Though Seat sources the majority of its parts from domestic suppliers in Spain, the Spanish carmaker has just announced that it plans to buy more components from outside the country.
A big influence on that decision comes from the fact Seat is now in charge of the Relizane assembly plant in Algeria, which is owned by its parent company VW Group. Seat formed a team last year to manage supplier relations in North Africa and contacted potential local and international suppliers interested in manufacturing parts in Algeria.
The Relizane plant, 280km south of the capital Algiers, began assembly from semi-knockdown (SKD) kits mid-2017 in partnership with Sovac of Algeria. Initial daily production capacity was 200 vehicles, comprising a mix of VW, Seat and Skoda vehicles. Audi followed at the end of 2018.
Seat also has its sights set on Morocco, which it said had a highly developed automotive sector offering “new opportunities for collaboration with locally established suppliers.” Some early project assignments have already been established, according to the company.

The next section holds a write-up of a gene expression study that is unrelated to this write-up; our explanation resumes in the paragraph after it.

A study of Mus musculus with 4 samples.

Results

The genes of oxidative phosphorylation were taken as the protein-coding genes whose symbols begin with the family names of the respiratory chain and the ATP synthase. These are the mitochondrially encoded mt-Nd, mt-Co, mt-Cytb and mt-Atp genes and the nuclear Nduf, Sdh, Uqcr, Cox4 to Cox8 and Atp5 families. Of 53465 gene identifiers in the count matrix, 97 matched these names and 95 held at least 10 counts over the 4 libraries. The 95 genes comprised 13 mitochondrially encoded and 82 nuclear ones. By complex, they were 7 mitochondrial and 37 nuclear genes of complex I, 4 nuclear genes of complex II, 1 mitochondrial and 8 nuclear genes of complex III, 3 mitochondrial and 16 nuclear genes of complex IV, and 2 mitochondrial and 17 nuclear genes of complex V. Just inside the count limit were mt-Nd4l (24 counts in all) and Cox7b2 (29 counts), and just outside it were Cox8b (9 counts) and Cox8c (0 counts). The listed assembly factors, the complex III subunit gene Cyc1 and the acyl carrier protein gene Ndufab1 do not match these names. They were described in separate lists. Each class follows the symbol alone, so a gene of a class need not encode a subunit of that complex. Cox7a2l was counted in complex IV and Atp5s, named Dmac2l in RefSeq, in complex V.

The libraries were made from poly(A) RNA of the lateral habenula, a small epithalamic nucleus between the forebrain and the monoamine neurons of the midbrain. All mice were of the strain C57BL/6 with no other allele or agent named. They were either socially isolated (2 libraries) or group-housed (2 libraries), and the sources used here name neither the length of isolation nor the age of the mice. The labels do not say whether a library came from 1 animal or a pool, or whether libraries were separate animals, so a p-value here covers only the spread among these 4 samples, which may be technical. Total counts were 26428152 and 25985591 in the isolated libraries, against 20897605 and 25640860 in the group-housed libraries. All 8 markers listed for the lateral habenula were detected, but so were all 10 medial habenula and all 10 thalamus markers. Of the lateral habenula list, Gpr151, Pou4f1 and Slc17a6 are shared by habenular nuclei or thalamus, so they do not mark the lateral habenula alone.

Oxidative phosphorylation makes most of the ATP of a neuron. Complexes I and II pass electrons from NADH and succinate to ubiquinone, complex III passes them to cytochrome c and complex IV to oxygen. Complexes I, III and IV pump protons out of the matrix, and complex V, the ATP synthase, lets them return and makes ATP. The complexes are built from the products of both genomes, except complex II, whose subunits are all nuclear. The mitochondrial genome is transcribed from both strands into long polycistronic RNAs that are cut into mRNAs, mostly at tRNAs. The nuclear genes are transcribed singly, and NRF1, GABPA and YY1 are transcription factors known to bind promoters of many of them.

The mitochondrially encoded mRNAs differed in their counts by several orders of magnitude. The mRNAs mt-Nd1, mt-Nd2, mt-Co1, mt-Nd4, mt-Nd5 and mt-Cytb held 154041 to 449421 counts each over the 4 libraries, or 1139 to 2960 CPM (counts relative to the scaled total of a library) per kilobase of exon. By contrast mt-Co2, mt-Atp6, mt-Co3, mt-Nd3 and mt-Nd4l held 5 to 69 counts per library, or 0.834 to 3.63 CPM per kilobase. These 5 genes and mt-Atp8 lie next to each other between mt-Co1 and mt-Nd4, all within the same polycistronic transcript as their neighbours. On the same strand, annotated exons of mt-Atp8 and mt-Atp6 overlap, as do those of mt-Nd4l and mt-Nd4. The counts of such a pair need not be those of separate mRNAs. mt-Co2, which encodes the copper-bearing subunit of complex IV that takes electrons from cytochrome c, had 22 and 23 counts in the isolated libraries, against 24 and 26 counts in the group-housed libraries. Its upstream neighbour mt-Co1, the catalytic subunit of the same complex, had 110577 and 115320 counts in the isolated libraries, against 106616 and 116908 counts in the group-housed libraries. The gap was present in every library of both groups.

In a record year for Seat, the company’s purchasing department managed €7.1 billion ($8 billion) of business, up 5.6% on 2018 and part of a 23% rise over the past five years.
Of last year’s total, 79% of all purchases were on production materials, spare parts and accessories for models built at the Martorell plant near Barcelona (Seat’s Ibiza, Arona and Leon; and Audi’s Q3 and A1). The rest was allocated to general goods and services. More than 60% of all purchases was placed with Spanish suppliers.
“Quality, efficiency and cost optimisation are key factors for achieving objectives in the purchases’ area,” said vice-president for purchases Klaus Ziegler. “This is done by maintaining a relationship of collaboration and trust with our supplier network, which enables us to promote strategic projects such as general procurement management in the Iberian Peninsula and the development of North Africa.”
Among the projects undertaken last year, Seat was trying to reduce total cost per vehicle by establishing a more efficient and sustainable production system. It was doing that by applying full-cost optimisation (FCO), in which staff from research and development (R&D), production, finance and purchases participated. Last year saw the implementation of suggested improvements which brought savings totalling €141m.
Since 2017 Seat has managed coordination of general purchase activities for the VW Group in Iberia for all procurements not directly related with vehicles to identify synergies and contribute to cost optimisation. Seat-managed general purchases in the peninsula amounted to almost €2 billion last year.